HOPES THAT the UK government is starting to deliver on promises of increased transport spending received a boost last month when the latest government figures showed a surge in construction output.
But contractors remained cautious, warning there were few signs that spending would be maintained over the next decade.
UK construction output surged in the first quarter of 2002, according to figures released by the Department of Trade & Industry.
Total output was up 5% on last year, with new work rising over the same period, despite a fall in the private industrial sectors.
First quarter infrastructure output was £1.8bn at 1995 prices, compared with £1.6bn in the first quarter of 2001. The increase is thought to be largely a result of the £485M M6 Toll (formerly known as the Birmingham Northern Relief Road) and the £4.5bn Channel Tunnel Rail Link.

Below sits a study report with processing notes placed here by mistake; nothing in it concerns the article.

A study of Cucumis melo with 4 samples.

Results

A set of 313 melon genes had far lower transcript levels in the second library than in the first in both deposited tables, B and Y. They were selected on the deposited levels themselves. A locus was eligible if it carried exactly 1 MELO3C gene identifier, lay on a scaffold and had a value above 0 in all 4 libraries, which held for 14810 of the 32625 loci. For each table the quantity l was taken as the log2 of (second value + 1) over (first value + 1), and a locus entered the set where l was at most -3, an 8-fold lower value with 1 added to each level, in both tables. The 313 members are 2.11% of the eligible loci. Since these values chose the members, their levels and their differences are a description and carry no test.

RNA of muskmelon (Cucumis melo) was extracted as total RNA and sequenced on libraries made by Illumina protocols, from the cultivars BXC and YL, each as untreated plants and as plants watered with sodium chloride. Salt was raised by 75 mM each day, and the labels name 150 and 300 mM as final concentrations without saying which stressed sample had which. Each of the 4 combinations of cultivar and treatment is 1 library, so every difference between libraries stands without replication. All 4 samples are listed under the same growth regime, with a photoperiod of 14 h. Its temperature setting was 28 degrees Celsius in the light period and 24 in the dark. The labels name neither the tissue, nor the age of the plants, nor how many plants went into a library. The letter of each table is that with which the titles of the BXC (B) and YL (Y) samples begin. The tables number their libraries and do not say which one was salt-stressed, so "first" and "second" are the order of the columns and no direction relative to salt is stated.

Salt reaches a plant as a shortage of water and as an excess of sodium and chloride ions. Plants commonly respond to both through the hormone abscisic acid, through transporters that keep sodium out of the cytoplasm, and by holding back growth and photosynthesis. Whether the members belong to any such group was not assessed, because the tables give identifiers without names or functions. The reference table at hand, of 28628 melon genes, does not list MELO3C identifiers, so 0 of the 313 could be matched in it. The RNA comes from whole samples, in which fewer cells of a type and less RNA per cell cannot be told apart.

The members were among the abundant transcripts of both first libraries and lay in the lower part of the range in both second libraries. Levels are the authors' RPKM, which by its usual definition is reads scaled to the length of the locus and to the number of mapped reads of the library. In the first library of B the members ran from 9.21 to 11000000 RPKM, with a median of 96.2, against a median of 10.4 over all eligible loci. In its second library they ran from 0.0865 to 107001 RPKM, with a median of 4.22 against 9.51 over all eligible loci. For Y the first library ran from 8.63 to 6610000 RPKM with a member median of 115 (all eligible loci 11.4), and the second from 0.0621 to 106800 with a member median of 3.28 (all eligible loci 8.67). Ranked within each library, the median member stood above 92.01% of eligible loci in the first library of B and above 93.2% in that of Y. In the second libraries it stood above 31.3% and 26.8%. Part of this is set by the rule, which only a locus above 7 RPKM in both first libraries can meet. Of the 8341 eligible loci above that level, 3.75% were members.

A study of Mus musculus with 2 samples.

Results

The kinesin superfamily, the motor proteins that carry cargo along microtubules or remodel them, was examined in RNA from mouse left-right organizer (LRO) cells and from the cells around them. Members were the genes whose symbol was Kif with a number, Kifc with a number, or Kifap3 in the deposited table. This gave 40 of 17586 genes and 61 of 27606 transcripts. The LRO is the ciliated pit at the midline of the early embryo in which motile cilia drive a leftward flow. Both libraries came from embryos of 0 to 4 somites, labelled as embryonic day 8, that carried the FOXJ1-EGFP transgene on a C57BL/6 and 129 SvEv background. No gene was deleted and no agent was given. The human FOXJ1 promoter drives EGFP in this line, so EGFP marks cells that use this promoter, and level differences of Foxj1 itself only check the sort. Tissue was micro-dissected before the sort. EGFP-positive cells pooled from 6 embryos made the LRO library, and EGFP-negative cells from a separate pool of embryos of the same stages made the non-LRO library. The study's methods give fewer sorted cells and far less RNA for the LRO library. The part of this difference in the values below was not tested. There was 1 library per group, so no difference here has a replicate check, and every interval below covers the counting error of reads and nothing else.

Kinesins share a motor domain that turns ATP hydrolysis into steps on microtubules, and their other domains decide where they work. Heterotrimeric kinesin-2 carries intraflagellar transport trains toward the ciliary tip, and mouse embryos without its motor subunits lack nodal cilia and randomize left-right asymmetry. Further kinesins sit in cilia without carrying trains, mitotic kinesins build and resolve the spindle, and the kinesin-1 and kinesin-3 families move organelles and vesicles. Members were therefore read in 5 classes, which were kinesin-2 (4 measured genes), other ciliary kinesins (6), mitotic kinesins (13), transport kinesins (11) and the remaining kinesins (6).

The figures show that at current prices, road spending rose from £479M during the first quarter of 2001 to £621M this year. Rail spending almost doubled from £234M during the first quarter of 2001 to £446M.
The Civil Engineering Contractors Association expressed concern that central government was failing to feed more highways schemes through to the Highways Agency. It said more schemes needed to be put into the Agency's programme of improvements if spending was to to meet targets in the 10 year transport plan.
The figures showed that output was increasingly concentrated in south east England and warned that the situation could worsen.
'The Strategic Rail Authority's strategic plan is quite unambiguously tipped towards the south east and commuter lines into London, ' the association said.